Attention Deficit Disorder (ADD) or Attention Deficit Hyperactivity Disorder, are both from a spectrum on mental disorders mostly prevalent among children, though the symptoms can progress into adulthood as well. What is considered as simple hyperactivity might well be a symptom of ADHD, since it is initially difficult to diagnose and understand the difference between the two. In fact, even adults who have trouble with time management, difficulty in holding on to a job, performing under set goals or organizing themselves, might be suffering from ADHD.

While ADHD is not life-threatening, it is incurable and can often lead to depression, anxiety or even addiction (in adults) if not diagnosed or treated in time. But let’s not panic, for it is quite possible to diagnose and treat ADHD with the proper resources, medication and counseling.

Causes of ADHD:

While there can be several reasons for ADHD to manifest, no specified cause has been discovered yet. The primary cause of ADHD is generally heredity; if the disorder runs in your family, it is more than likely that it can be passed on through genetics. The other common cause of ADHD happens to be a chemical imbalance in the brain, while poor nutrition, substance abuse or infections during pregnancy, exposure to toxins or injury to the brain might also be reasons why ADHD manifests itself in a child. Unfortunately, ADHD cannot be prevented and there is no cure available.

Symptoms of ADHD:

ADHD in children and adults are diagnosed differently. The symptoms in children are generally categorized by ‘Inattention’, ‘Hyperactivity’, and ‘Insensitivity’. If your child is easily distracted, is unable to follow instructions and pay attention or leaves their tasks unfinished, then it is most likely Inattention. The symptoms also include forgetfulness, inability to remain seated for long and daydreaming.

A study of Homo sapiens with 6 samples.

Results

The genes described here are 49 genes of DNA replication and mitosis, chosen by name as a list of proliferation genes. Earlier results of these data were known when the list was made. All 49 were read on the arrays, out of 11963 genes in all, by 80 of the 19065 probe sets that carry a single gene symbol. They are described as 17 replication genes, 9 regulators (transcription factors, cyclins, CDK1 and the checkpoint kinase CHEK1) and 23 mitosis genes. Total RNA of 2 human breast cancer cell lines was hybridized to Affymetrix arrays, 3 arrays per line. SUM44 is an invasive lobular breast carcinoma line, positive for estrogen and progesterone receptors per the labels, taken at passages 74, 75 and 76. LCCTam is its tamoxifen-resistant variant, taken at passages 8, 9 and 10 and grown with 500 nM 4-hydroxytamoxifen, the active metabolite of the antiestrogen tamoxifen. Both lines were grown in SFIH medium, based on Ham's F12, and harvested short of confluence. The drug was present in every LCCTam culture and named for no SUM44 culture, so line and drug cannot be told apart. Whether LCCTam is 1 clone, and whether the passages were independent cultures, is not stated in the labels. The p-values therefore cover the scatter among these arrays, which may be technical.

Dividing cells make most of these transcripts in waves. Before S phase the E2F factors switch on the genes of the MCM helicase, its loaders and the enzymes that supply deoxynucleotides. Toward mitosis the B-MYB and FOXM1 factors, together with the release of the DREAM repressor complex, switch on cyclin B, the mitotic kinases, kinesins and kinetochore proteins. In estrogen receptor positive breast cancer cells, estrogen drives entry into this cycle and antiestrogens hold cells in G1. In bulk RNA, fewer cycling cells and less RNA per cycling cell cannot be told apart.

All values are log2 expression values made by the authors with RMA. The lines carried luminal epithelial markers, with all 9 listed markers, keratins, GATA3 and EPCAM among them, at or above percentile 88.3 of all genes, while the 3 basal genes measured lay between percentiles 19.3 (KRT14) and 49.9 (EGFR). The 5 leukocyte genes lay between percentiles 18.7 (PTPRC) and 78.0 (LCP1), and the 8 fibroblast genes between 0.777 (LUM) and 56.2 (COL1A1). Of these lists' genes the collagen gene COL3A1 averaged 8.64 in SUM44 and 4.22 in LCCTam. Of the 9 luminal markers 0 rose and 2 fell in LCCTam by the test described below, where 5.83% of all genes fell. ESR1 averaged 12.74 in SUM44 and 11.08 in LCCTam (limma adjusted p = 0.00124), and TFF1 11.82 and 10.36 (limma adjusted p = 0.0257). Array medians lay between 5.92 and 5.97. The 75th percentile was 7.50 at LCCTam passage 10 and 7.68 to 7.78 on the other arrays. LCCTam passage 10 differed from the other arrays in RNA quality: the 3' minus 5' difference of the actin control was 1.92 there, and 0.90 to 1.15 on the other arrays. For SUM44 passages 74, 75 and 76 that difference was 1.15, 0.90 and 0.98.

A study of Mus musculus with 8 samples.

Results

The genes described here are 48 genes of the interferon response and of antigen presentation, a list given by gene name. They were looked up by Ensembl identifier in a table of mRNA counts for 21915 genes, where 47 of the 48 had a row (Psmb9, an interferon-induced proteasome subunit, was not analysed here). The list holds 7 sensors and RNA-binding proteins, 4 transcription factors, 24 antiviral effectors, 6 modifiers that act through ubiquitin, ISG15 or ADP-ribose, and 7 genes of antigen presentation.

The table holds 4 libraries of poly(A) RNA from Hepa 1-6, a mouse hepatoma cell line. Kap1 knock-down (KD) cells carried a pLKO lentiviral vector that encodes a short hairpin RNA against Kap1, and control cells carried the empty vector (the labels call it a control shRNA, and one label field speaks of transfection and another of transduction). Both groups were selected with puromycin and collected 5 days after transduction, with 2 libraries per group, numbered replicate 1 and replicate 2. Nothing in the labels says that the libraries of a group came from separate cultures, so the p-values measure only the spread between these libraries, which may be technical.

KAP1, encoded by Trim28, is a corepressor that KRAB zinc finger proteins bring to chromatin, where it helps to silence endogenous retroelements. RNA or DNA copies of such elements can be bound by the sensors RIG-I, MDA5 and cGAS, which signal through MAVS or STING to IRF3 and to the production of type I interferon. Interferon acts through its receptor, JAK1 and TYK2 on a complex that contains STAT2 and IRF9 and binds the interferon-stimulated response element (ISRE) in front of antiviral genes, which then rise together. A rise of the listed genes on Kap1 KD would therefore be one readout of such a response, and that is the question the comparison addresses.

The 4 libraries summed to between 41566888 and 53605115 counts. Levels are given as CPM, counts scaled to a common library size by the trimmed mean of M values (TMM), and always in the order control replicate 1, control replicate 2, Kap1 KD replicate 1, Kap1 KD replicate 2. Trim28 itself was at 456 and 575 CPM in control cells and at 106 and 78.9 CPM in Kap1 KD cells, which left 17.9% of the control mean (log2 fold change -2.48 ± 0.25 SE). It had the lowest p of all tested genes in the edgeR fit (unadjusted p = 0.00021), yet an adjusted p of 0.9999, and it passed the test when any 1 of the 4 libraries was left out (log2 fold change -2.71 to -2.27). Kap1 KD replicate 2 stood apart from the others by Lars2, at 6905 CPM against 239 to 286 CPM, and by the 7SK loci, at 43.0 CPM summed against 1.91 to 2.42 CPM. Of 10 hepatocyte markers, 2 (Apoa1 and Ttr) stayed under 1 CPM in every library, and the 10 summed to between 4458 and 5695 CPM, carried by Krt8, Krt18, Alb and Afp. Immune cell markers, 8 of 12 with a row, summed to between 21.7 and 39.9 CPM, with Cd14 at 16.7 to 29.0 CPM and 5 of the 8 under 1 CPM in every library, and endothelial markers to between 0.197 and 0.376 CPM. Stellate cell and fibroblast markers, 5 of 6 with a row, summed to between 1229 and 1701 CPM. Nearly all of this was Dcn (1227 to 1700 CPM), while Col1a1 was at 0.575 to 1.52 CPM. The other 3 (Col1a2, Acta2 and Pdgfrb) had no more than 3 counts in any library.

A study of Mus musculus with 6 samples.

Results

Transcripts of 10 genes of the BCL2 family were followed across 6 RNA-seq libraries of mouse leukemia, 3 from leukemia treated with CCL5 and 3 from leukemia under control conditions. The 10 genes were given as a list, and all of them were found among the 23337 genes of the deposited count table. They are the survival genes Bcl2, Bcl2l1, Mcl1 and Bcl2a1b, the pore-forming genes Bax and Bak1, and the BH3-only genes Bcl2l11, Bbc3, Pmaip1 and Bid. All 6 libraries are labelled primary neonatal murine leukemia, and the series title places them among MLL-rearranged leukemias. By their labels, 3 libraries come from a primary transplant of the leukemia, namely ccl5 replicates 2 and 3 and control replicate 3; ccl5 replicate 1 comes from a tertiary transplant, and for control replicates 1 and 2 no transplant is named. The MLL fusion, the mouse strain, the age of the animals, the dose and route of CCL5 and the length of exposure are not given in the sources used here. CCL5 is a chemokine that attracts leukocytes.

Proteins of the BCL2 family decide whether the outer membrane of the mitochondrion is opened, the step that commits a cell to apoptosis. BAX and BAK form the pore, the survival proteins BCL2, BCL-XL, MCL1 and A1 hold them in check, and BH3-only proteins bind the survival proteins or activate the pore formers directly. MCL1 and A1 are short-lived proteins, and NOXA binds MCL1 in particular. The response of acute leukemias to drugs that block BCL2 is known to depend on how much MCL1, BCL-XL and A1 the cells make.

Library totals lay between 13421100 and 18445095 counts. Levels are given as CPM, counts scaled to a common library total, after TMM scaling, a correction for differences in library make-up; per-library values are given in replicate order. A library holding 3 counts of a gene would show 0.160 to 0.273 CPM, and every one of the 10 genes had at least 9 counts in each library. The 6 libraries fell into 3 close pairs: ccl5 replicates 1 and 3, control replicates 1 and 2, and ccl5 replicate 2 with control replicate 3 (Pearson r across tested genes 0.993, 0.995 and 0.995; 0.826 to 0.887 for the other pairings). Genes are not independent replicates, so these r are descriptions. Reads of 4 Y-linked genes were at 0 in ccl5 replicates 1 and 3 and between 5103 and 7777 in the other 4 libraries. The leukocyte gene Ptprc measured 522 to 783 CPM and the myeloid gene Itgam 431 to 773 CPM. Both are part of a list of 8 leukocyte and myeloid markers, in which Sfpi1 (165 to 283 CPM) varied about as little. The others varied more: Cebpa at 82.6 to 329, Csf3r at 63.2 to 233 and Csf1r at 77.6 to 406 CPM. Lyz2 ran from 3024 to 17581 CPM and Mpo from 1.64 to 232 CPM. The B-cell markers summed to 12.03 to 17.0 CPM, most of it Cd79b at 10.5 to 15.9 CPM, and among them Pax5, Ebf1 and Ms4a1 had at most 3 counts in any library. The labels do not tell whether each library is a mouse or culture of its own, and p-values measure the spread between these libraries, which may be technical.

Alternately if your child is fidgety, cannot stop moving or squirms when made to sit still, they might be hyperactive. These children have trouble staying put, and need to be constantly in motion; you’re likely to find them climbing something, running around or bouncing in place. What can be mistaken as mere restlessness might well be something as severe as ADHD. On the other hand, if it is Insensitivity or Impulsivity that’s affecting a child, they will invariably do something on an ‘impulse’ or without thinking, that can affect someone in a negative manner, or even be harmful without their realizing it. The most common symptoms in adults are anxiety, chronic boredom, low self-esteem, anger issues, depression or mood swings, problems in relationships, problems at work, insubordination, lack of concentration, etc.


Treatments for ADHD:

As mentioned before, ADHD cannot be cured. But it can be contained and one can lead a normal life by following just a few steps of managing the disorder. Usually treatments range from prescription medicines to therapy. It is also believed widely by the National Institute of Medical Health that including options other than medication is very important. For one, behavioral therapy, nutritious meals, and a positive social environment play an equally important role in preventing the negative effects of ADHD.

Are Medicines Worth It?

Stimulants are usually prescribed by pediatrics for a child suffering from ADHD, but they might not always be the best solution, even though they can provide short-term relief, especially in social situations, such as schools, public gatherings or events. However, it is highly suggested that the side-effects of these drugs can be traumatic on a child, especially causing irreversible damage to a developing brain if used limitlessly. The best way to treat ADHD without long-term harm to a child is by therapy; psychotherapy, social skills training, behavior therapy, and the support of parents and family can be extremely beneficial. As is with everything, home is where a child is most comfortable in. It is therefore crucial that parents, siblings, friends and immediate acquaintances make a joint effort to provide some therapy to a child suffering from ADHD.

Adjusting with ADHD as an Adult:

As for adults, self-help is the best help. If your behavior feels like that of someone suffering from ADHD, it is best to ask yourself what can be done to avoid the effects. Perhaps write down the things that are most noticeable and try to work around it. If your temper is causing problems, try to find ways to keep yourself calm. And if your workplace is giving you anxiety, take some time off. Whatever be the method, as long as there is awareness and the will to change, ADHD can be managed and anyone can live a normal life.